Brotherhood of the Wolf




Brotherhood of the Wolf

ACTION/ADVENTURE:

France, 2001

U.S. Release Date:

2002-01-11

Running Length:

2:26

MPAA Classification:

R (Violence, Nudity, Sexual Situations)

Theatrical Aspect Ratio:

2:35:1

Cast:

Samuel Le Bihan, Vincent Cassel, Emilie Dequenne, Monica Bellucci, Jérémie Rénier, Mark Dacascos, Jean Yanne, Jean-François Stévenin, Jacques Perrin

Director:

Christophe Gans

Screenplay:

Stéphane Cabel, Christophe Gans

Cinematography:

Dan Laustsen

Music:

Joseph LoDuca

U.S. Distributor:

Universal Pictures

Subtitles:

English subtitled French


In this country, French movies are mostly known for being artistic and airy (or, to put it less kindly, serious and stodgy). And, while many French directors would probably agree that this is their aim (being artistic and airy, not serious and stodgy), Christophe Gans has elected to defy the reputation of his country's film industry by producing a motion picture that owes more to American and Asian cinema than it does to the traditions of Godard, Truffaut, and Rohmer. Any and all attempts to take this movie seriously will have the average movie-goer convulsed with laughter. Brotherhood of the Wolf never pretends to be something that it isn't. Oh, there are costumes, to be sure, but that's just to facilitate the setting of the 18th century. Anyone who mistakes this for a costume drama is not aware of what kind of film they have ventured into.

So what is Brotherhood of the Wolf? It's a period-piece action/adventure movie with elements of the following genres thrown in for good measure: martial arts, horror, and mystery/intrigue. Plus, the events represented herein are based on an actual historical event, although, to paraphrase a popular saying, Gans never lets the facts get in the way of a good story. Most of what transpires here is pure fantasy and has little to do with the real "Beast of Gevaudan", which roamed the remote countryside in 1764 France, killing several dozen women and children. In fact, Brotherhood of the Wolf owes a greater debt to Jaws and werewolf movies than to the period-piece dramas that European studios have become expert at.

When the story opens, it is 1764, and Grégoire de Fronsac (Samuel Le Bihan) and his faithful Iroquois companion, Mani (Mark Dacascos), have arrived in Gevaudan to hunt down and kill the fearsome beast that has been terrorizing the district. Rumors about it abound, but the common belief is that it's a wolf-like demon. Fronsac, a man of science, disputes this. He believes that there is something more prosaic at work than the devil. Soon after arriving in Gevaudan, Fronsac meets the twisted Jean-François de Morangias (Vincent Cassel), a bitterly sardonic young man who has lost one arm, and his pretty sister, Marianne (Emilie Dequenne), who falls for Fronsac. Other figures to cross Fronsac's path are Thomas d'Apcher (Jérémie Rénier), a young nobleman who joins the newcomer's hunt; Sylvia (the divine Monica Bellucci, the belle from Malena), a courtesan with a secret mission; and a clergyman, Sardis (Jean-François Stévenin).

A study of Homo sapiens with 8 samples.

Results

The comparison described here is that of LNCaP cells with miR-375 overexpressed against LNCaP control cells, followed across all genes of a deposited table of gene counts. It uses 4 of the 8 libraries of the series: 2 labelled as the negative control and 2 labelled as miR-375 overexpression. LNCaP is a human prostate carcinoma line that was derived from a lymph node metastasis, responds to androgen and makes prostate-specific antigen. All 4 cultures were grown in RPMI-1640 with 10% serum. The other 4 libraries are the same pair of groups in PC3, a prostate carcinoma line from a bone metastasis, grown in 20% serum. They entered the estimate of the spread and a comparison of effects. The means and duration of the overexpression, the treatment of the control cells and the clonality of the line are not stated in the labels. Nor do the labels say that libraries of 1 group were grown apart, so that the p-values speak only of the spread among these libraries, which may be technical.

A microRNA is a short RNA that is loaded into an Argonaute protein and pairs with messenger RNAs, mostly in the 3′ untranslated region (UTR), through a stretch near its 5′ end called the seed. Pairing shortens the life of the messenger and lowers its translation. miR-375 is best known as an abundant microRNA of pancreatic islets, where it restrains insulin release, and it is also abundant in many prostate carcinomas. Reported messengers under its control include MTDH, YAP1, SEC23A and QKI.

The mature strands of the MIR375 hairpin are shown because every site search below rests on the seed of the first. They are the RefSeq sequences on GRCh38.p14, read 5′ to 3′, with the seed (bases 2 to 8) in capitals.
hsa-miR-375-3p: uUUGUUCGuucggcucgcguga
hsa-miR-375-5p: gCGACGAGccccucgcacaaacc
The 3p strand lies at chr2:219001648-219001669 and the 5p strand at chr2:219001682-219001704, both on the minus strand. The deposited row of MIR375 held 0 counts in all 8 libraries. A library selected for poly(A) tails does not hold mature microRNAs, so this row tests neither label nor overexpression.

With the exception of a couple isolated fights, there's not much action during Brotherhood of the Wolf's first hour - most of what transpires is exposition or used to establish characters and relationships. Indeed, we only catch half-glimpses of the Beast throughout the movie's first half, with Gans taking a page from Steven Spielberg's book by showing less to build tension. Once the action starts, however, it rarely lets up. We are treated to one martial arts showdown after another, leaving one to wonder whether an ancestor of Jackie Chan's roamed 18th century France dispensing fighting lessons.

Brotherhood of the Wolf reminded me a little of Crouching Tiger, Hidden Dragon in intent, if not in specifics. Apparently, these similarities are what attracted the attention of Universal studios. Acknowledging the box office appeal of the 2000 feature, they bought the U.S. Distribution rights and have decided to release the film under their own label (rather than that of their art house arm, Univeral Focus). Today, it's a rare thing, indeed, for a subtitled movie to open in the United States under the auspices of a major Hollywood studio.

Gans' film has the look and feel of a high-end comic book (or, to purists, a "graphic novel"). The production is steeped in style, from the gorgeous widescreen cinematography to the slow motion bursts of action. We see individual droplets of water, mud, and blood cascade from their sources as battles erupt across the sodden, fog-enshrouded terrain. Interiors are riots of color and fabric, as if a decorator went wild in a frenzy of 18th century excess. And, while the martial arts scenes lack the ballet-like choreography and wire-enabled flights of fancy featured in Crouching Tiger, they are presented with a fluidity of motion and a degree of kinetic energy that standard fight sequences do not have. There are moments, such as when Mani holds off a hoard of cultists or when three men take on the Beast, made for "oohs" and "aahs".

Brotherhood of the Wolf isn't exactly a "guilty pleasure" - there is more artistry involved in the production than is immediately obvious - but its strongest appeal will be to those who don't mind movies that stray beyond the accepted boundaries of what we call "reality". The movie has something in it to appeal to just about everyone - religious politics, incestuous longing, a little gratuitous sex and nudity, savage fight scenes, a dollop of romance, and an impressive looking monster that is both more and less than it seems to be. In short, Brotherhood of the Wolf is daring in its approach and successful in its result - assuming the result is to provide pure entertainment to the viewer.